USAN, Unite for Strength, and Union Strong leaders from around the country have led the way to updating and modernizing our master Theatrical and TV contracts resulting in $1.5 Billion dollars of gains for members, since the MF-led contract negotiations debacle in 2008 (which resulted in $100 million dollars of losses to members).


Beginning in 2009 we started building a smart, data-driven, and focused strategy, using our growing leverage brought about through merger, to make gains in our contracts.

Up until then, the union had been focusing on the past, trying to build on old contracts without truly recognizing the need to peer forward into the future and stay on top of the exploding changes happening to the way people viewed entertainment.

From four networks and movies in the 1970s, the industry moved to (among others) multiple networks, hundreds of cable stations, digi-nets, streaming platforms, video-on-demand, apps, and movies being released in theaters and on streaming platforms concurrently.

Merger enabled us to combine the legacy SAG and AFTRA television contracts with existing cable contracts to create a master SAG-AFTRA TV/Theatrical agreement in 2014.


Educating and involving members who work these contracts is paramount to developing our focused strategies. Investing in your future by becoming involved and making your voice heard is fundamental to our belief that an educated member is an involved member.

The gains we have made are because we are working actors who live and work these contracts. Your concerns are our concerns, and we want to hear from all voices.

We urge you to attend Wages and Working conditions committee meetings—which are open meetings where members can share their thoughts on a particular contract—to make your voice heard.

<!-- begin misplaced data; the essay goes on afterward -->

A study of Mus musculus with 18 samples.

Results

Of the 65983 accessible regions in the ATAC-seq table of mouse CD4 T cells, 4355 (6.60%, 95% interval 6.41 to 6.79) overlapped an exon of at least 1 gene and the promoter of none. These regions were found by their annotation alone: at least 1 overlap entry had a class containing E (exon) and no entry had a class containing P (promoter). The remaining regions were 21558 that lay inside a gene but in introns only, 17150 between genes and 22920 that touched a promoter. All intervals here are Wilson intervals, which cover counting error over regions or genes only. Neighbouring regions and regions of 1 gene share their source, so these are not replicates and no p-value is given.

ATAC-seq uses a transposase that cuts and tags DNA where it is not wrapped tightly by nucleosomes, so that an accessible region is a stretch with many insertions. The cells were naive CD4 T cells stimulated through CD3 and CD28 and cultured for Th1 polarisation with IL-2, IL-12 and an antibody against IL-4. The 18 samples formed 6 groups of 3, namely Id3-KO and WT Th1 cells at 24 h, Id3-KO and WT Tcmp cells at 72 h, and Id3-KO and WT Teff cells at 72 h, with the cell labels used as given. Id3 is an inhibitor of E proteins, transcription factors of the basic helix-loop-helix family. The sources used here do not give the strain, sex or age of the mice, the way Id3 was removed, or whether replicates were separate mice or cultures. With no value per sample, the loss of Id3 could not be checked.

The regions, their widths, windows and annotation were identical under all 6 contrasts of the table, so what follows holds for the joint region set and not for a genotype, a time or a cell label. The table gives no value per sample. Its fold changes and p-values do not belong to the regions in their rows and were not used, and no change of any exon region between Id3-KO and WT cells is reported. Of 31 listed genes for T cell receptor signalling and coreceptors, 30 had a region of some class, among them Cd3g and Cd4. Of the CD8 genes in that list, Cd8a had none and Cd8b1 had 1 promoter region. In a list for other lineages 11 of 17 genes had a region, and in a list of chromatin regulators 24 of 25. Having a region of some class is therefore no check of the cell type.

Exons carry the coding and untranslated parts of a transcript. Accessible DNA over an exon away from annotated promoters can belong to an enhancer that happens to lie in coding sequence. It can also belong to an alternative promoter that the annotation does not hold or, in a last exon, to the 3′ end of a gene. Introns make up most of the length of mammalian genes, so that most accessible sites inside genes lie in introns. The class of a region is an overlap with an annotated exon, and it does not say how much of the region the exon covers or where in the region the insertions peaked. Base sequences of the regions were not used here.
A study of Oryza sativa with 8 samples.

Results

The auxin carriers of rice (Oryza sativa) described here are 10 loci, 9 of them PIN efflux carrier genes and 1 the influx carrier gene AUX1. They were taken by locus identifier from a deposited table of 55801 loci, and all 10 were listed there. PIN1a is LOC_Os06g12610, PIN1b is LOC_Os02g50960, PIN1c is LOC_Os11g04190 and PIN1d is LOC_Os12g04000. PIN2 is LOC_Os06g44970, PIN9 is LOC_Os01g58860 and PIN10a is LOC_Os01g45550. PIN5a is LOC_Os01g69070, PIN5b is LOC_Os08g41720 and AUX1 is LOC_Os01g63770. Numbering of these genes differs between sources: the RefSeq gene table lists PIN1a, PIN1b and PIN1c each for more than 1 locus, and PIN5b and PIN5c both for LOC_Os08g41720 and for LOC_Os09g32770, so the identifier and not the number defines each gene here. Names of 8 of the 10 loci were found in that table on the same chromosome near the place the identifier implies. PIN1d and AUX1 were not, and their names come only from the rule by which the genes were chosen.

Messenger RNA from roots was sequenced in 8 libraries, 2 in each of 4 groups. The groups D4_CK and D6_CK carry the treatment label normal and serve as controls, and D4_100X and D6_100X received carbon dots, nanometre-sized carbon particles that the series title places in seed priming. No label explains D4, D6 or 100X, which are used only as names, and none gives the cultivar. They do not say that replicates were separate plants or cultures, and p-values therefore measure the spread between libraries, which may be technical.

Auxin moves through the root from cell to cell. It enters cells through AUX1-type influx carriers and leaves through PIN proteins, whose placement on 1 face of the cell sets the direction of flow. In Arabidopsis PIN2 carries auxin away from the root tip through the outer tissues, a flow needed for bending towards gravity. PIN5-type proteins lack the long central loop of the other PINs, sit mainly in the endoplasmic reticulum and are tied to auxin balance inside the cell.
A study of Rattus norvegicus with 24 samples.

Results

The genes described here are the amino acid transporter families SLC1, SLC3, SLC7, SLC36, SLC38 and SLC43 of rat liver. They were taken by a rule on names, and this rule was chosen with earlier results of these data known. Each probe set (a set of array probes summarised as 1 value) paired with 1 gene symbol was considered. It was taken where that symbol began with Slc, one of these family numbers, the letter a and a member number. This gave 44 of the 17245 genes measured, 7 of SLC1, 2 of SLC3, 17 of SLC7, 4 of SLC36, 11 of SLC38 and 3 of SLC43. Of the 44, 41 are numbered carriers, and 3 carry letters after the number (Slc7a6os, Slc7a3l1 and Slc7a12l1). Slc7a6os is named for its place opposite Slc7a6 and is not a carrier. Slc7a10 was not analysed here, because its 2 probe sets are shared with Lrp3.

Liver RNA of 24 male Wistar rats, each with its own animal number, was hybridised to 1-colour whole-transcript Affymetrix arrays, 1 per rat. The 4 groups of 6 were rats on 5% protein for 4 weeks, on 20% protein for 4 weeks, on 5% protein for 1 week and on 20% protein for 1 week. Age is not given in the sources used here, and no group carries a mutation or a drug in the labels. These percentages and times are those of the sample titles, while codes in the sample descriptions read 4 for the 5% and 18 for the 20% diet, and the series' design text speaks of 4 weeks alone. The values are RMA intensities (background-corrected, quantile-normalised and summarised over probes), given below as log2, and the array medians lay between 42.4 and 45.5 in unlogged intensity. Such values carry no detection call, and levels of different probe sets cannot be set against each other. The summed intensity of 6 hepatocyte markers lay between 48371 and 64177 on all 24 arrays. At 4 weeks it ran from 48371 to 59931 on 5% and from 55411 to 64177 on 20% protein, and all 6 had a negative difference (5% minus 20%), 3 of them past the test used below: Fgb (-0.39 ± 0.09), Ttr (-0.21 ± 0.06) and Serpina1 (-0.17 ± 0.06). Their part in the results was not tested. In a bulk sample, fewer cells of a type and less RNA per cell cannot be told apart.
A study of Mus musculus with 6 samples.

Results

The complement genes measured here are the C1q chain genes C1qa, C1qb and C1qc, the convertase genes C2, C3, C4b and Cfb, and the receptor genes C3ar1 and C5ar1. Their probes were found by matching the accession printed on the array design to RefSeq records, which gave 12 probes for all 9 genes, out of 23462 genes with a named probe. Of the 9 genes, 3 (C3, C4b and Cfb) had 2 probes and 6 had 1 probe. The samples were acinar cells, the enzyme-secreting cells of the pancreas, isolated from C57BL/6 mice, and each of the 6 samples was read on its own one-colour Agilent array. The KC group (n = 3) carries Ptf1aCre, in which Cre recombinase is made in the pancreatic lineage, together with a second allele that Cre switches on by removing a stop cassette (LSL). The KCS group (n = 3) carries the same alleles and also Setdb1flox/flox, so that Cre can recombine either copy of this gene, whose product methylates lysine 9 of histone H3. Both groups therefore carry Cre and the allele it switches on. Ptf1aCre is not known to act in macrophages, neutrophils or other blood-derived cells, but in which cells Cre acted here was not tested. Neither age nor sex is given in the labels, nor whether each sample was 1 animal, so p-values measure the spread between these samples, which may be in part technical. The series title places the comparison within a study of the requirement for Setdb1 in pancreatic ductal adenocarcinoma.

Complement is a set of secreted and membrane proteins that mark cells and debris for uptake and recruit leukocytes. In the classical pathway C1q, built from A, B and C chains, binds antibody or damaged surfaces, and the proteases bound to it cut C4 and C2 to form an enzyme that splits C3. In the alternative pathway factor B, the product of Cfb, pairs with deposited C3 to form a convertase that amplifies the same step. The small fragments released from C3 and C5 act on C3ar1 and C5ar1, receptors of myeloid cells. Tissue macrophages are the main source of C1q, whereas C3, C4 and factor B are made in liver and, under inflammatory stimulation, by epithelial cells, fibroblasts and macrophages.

In 2019 SAG-AFTRA negotiated a separate standalone contract with Netflix—they are not part of the AMPTP (Alliance of Motion Picture and Television Producers), with whom we negotiate our master TV/TH Collective Bargaining Agreement(CBA).

Improved terms in the Netflix agreement included:
– Establishing performance capture as covered work
– Affirmed coverage of dubbing, which applies to all of Netflix’s foreign-language
live-action and animated motion pictures dubbed into English.
– Gains in theatrical residuals
– Better terms for members subjected to options and exclusivity terms
– Improved overtime rules for stunt performers
– Protections for members regarding harassment and auditions.

This new contract has given us leverage to improve contract terms in the master CBA: by essentially allowing us to pit Netflix against the AMPTP (think: most major networks) in our separate negotiations.

For example, there are gains we achieved with Netflix, like those in dubbing, which have allowed us to improve dubbing terms and more importantly, coverage, with other production companies.


It has been vital to bring streaming platforms into our contract, and exponentially grow those HBSVOD (High Budget Streaming Video On Demand) residual streams to ensure members receive proper compensation as platforms such as Netflix, Amazon, and Hulu continue to grow.

There are fundamentally two kinds of streaming –

1. move over: when a TV show changes platforms. For example, if Better Call Saul moves from AMC to Netflix, or a film starts streaming on Disney+ after a theatrical run. When this happens, there is a percentage of license fee residual attached to them, exactly like a network TV show moving to cable.

2. made for: when content is created by streaming services like Netflix, Amazon, Hulu, etc., and then remains on that same platform for the next several years. These have a fixed residual attached to them, which is similar to a network rerun.

Beginning in 2011, as the “made for” market grew, we started to expand that residual structure–from a license fee based residual in 2011 to a fixed residual in 2014 which was substantially increased in the 2017 contract.  We separated foreign airings creating a brand new residual stream.  Combined, the new domestic and foreign residual formulas  resulted in a 300% increase in the first two years of streaming.

Then in 2020, we once again dramatically increased the fixed residual in both domestic and foreign streaming.


The ever-changing industry continues to pose challenges, but we remain committed to strengthening contract enforcement, improving pay rates  (especially in lower budget new media), and increasing residual streams.

Our team is specifically focused on the issues of work week hours, ending unfair options and exclusivity, expanding performance capture coverage, and is sensitive to the specific concerns of background and stunt performers.

Building a smart, focused and powerfully leveraged strategy to make gains in our contracts is the USAN, Unite for Strength, and Union Strong focus and promise.